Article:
While some people continue to argue that wearing a mask infringes on their freedom, or that Covid-19 is a hoax, global food prices are rising. It is unfortunate that so many are distracted by conspiracy theories and other stupidity because rising food prices and other pressures upon the food supply will lead to widespread hunger and increased food insecurity. It is time for the adults in the room to start focusing on how to avoid mass starvation.
Various environmental disasters have collided with the Covid-19 global pandemic to create a food emergency. The result is that millions of people will go hungry this winter–even in the United States. Food insecurity existed before the global pandemic began, but now the situation is worse.
According to Feeding America , 54 million Americans, including 18 million children, will experience food insecurity in 2020. The numbers of American children that are going hungry is staggering. 1 in 4 children, or 25% of children need greater access to food.
One of the reasons why some people have pressured for schools to reopen is because many children depend on school lunches to obtain food. When schools are closed, the most vulnerable children may lose all access to food. America must face the most tragic revelation of all–that parents must choose between keeping their children home to starve or sending them to school to get sick.
Simply sending the kids back to school, however, is not the answer. Thus far, the return to school has led to greater spread of Covid-19. In the short time since the school year began, at least 4 teachers have died. As well, many students have become ill and some schools have had to re-close. Clearly, simply sending children back to school is not an answer to the current crisis.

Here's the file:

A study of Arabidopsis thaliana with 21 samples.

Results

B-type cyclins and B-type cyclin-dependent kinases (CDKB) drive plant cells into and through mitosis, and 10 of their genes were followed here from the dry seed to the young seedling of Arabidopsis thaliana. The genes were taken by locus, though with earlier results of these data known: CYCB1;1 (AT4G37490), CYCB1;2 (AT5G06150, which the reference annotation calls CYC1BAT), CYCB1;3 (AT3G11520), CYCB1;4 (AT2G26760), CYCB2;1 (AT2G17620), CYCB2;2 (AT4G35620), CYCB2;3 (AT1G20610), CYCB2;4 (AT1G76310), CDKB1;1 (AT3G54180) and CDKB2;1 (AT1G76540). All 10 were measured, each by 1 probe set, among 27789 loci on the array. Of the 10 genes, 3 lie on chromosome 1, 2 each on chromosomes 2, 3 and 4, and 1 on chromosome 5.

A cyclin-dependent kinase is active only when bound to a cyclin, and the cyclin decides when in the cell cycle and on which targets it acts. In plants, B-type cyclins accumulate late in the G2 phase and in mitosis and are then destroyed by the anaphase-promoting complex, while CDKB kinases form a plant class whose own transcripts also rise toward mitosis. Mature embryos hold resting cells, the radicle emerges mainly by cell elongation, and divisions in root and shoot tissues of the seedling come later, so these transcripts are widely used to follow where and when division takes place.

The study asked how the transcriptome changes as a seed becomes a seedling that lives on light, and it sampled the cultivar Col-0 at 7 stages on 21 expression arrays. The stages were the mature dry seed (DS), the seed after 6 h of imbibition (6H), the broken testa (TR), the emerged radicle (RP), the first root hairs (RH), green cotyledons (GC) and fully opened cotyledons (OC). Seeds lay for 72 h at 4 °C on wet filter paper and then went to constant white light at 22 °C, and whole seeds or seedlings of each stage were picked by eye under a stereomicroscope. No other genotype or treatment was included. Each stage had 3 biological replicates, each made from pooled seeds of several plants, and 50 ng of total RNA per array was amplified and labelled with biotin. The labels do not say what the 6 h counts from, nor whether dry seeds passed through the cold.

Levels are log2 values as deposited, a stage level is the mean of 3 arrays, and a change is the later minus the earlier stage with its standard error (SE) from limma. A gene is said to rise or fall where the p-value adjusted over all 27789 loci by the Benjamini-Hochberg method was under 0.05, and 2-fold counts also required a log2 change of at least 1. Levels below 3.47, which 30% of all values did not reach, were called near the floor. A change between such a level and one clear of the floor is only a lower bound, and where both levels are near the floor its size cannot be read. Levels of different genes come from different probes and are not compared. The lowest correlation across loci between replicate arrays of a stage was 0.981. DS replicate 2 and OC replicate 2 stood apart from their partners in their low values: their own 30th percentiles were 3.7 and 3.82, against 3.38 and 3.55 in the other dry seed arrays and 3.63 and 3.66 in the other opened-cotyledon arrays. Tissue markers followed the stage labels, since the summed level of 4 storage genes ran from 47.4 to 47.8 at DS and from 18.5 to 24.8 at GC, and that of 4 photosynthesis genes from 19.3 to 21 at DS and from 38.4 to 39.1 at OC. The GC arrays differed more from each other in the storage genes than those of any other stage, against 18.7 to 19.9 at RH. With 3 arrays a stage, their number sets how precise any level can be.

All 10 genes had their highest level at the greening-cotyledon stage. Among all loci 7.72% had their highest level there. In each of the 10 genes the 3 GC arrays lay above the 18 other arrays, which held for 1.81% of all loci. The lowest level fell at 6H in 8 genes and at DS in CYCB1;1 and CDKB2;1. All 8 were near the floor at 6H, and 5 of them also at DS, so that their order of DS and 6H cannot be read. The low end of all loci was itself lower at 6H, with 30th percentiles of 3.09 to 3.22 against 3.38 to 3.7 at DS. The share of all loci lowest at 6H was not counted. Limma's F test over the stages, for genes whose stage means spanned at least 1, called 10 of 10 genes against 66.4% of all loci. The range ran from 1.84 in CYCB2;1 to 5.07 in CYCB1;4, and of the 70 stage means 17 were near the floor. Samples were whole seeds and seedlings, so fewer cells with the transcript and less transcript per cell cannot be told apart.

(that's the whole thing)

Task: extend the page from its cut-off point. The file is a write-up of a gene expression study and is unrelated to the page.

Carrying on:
The more people that become ill, the worse food insecurity will become. Since the Covid-19 pandemic started, there has been a 50% increase in the number of Americans that are seeking assistance from food banks. Food Pantries have noticed that as many as 4 in 10 people were visiting food banks for the first time. This demand for food assistance is overwhelming the supply and Feeding America believes they are 8 billion meals short of what they require to meet the need of hungry Americans.
Fixing the food insecurity problem is difficult and governments often to fail invest in adequate programs that will alleviate poverty. Since the pandemic began, food banks have struggled to increase their supply of food, and have had to absorb increased costs for additional staff and warehouse space.
“If the shipping container gets loaded, and if the ship isn’t abandoned at sea, and if they let it dock, and if it clears customs without being seized by [federal authorities], and if we can find trucking, we’ll have your rice there in six weeks.”The Wall Street Journal
When the second wave hits, and it WILL hit, there will be another round of lockdowns, supply chain clogs, mass unemployment, and increased need for food assistance. Will there be any lessons learned from the first wave? How can disaster be avoided?